Georgetown University President John J. DeGioia announced this week that, given current pandemic and public health conditions, the university will be amending its plans for the fall. Specifically, courses for all undergraduate and graduate students will begin in virtual mode, and the university will not be able to bring members of the entering undergraduate class, the class of 2024, to campus at this time.
In recognition of the impacts of the decision to move to a virtual learning environment, the university also will reduce tuition for all undergraduate students by 10 percent and for all graduate students by 5 percent for the fall semester. Previously, Georgetown had announced the tuition reduction for undergraduate students who would be learning virtually this fall.
In the months since the emergence of the coronavirus pandemic, “we have remained steadfast in our deep commitment to our academic mission and to the health and safety of our community,” DeGioia writes. “Members of our community have demonstrated extraordinary compassion and resilience over this time—supporting the health of one another, our communities, and our families. We are now confronting another challenging moment, as the pandemic accelerates across our country.”
‘A very difficult decision’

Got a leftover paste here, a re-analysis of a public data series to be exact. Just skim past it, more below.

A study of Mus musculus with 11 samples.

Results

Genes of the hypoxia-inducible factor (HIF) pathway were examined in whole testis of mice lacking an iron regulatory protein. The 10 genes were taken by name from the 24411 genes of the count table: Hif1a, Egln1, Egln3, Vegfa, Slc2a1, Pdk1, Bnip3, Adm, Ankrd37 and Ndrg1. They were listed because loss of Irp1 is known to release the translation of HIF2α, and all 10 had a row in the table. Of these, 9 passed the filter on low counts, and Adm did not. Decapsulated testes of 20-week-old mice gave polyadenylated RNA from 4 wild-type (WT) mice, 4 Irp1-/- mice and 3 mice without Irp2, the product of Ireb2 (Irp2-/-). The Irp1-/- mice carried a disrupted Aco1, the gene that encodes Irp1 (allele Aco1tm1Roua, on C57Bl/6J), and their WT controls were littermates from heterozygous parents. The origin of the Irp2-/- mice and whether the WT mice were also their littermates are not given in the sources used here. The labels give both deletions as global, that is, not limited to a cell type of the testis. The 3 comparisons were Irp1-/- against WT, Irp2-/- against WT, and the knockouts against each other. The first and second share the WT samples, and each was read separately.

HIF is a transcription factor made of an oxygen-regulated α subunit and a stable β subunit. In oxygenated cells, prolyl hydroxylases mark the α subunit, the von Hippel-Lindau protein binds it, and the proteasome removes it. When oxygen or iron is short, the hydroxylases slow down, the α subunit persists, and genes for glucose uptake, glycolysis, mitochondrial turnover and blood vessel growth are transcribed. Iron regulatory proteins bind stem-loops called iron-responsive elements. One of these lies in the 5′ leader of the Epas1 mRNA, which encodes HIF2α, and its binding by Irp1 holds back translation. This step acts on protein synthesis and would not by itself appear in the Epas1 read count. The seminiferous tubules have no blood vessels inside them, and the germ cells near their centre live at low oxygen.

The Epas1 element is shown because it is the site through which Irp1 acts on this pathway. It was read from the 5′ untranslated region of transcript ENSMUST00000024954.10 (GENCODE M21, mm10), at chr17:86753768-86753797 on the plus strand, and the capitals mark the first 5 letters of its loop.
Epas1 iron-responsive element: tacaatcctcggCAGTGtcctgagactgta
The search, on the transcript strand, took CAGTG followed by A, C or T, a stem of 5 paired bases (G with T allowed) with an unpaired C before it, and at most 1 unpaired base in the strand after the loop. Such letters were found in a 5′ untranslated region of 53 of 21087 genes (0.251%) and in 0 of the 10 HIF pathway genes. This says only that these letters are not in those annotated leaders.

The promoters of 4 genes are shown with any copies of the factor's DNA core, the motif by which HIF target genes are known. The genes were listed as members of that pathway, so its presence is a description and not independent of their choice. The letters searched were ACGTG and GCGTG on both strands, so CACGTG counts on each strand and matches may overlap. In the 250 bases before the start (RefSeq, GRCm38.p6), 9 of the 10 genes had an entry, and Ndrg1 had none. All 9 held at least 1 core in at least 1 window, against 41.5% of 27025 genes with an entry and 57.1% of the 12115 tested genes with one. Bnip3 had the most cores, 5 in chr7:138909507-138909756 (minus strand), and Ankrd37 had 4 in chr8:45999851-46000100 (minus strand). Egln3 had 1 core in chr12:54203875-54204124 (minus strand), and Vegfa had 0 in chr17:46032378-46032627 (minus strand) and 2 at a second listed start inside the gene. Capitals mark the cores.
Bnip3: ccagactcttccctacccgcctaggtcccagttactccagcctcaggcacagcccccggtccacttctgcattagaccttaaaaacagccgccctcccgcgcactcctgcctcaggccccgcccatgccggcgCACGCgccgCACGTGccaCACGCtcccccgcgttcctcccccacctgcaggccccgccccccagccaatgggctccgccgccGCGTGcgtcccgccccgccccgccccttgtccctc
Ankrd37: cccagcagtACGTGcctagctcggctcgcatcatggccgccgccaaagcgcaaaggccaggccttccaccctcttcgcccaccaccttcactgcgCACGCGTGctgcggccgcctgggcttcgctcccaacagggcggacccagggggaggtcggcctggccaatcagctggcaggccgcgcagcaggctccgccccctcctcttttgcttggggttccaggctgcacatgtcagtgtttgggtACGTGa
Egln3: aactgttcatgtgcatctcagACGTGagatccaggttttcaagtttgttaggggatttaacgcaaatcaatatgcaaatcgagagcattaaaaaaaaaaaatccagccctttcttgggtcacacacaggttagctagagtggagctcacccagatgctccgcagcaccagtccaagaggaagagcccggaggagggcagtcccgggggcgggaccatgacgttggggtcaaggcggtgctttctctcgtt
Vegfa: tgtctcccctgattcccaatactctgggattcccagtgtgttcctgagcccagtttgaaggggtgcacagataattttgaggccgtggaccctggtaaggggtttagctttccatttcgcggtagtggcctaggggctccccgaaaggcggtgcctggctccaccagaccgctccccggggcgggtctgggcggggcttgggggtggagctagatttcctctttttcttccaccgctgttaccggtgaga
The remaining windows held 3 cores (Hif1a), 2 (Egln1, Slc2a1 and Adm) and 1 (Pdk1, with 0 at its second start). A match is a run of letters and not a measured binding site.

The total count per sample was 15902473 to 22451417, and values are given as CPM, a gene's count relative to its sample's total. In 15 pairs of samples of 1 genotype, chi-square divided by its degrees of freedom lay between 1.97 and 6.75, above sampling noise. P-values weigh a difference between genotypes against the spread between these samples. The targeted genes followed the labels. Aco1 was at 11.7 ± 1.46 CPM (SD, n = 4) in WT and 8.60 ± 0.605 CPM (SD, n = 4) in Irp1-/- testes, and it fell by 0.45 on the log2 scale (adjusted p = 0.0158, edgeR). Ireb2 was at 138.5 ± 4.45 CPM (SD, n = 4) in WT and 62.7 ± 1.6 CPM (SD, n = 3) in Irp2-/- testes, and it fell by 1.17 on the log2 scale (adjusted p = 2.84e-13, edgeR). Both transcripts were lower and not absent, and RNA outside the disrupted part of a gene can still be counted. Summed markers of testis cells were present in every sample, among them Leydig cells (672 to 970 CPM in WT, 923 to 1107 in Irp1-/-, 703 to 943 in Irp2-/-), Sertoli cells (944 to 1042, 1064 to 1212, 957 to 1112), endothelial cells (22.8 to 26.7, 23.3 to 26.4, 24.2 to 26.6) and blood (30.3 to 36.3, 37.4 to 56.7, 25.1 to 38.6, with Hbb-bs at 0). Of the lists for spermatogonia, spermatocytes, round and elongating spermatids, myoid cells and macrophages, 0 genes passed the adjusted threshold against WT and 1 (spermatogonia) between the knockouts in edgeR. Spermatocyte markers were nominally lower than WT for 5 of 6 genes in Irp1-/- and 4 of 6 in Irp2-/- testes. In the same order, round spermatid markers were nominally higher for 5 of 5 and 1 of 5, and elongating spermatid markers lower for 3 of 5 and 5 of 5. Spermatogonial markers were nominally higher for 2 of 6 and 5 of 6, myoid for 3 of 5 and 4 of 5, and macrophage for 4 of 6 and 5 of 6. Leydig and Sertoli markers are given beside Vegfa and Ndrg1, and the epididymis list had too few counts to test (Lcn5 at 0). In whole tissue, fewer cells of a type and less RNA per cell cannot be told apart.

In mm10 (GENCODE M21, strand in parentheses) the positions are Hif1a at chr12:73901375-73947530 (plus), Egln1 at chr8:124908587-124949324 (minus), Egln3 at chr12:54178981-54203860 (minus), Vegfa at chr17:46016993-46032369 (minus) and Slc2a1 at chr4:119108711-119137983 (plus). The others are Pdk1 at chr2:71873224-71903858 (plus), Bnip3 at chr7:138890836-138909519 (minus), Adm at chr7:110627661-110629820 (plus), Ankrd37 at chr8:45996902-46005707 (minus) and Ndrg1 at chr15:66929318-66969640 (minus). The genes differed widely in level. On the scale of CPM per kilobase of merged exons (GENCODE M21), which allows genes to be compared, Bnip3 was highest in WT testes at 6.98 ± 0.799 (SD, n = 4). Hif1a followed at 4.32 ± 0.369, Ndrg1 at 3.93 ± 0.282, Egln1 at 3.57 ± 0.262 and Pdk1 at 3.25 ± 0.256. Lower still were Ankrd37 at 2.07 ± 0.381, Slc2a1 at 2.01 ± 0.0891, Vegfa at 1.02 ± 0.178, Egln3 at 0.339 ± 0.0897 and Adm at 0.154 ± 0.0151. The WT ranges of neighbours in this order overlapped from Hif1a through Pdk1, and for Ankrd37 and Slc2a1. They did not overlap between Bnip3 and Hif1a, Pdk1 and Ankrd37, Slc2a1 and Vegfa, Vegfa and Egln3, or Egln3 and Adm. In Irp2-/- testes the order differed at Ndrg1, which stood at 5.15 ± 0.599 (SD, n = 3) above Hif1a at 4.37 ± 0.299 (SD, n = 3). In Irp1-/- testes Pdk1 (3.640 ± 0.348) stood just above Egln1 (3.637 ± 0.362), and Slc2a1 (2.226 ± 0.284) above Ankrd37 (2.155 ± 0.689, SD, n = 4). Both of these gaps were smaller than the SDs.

The university in early July had announced its intention to bring approximately 2,000 undergraduate students, including the first-year class, to Main Campus. Revising that approach, DeGioia writes, “was a very difficult decision—and one that I know will disappoint members of our community who have been eagerly anticipating a return to campus.”
According to a July 29 letter from Georgetown University Provost Robert M. Groves, the university still will provide on-campus housing for undergraduate students who were granted approval through the Housing Stability Application process, those who have been invited to return to campus because of academic requirements, members of the incoming first-year class who are F1 visa holders, and a limited number of Resident Assistants to support this small residential community. First-year students whose personal or family situation makes it impossible or unrealistic to pursue their studies at their permanent address also will be able to apply to live on campus for the fall semester.
Noting that these change to the fall plan may have a special impact on international students, Groves says the university is working to ensure they have a rich learning experience. “Faculty and students are planning ways to make it possible for students in distant time zones to engage directly with their professors and classmates,” he writes.
Although the virus’s spread and restrictions on interstate travel currently preclude a return to campus, university leaders “plan to introduce in-person course elements as soon as health conditions permit.”
DeGioia adds that, in preparing for the fall semester, faculty and staff anticipated the possibility of a transition to a virtual mode; more than 1,600 faculty are participating in summer programs and workshops to enhance virtual learning experiences. Georgetown is also adapting events and co-curricular activities for students to succeed and thrive in a virtual environment. The university will provide additional information in the coming days on specific adjustments to the university’s fall plan.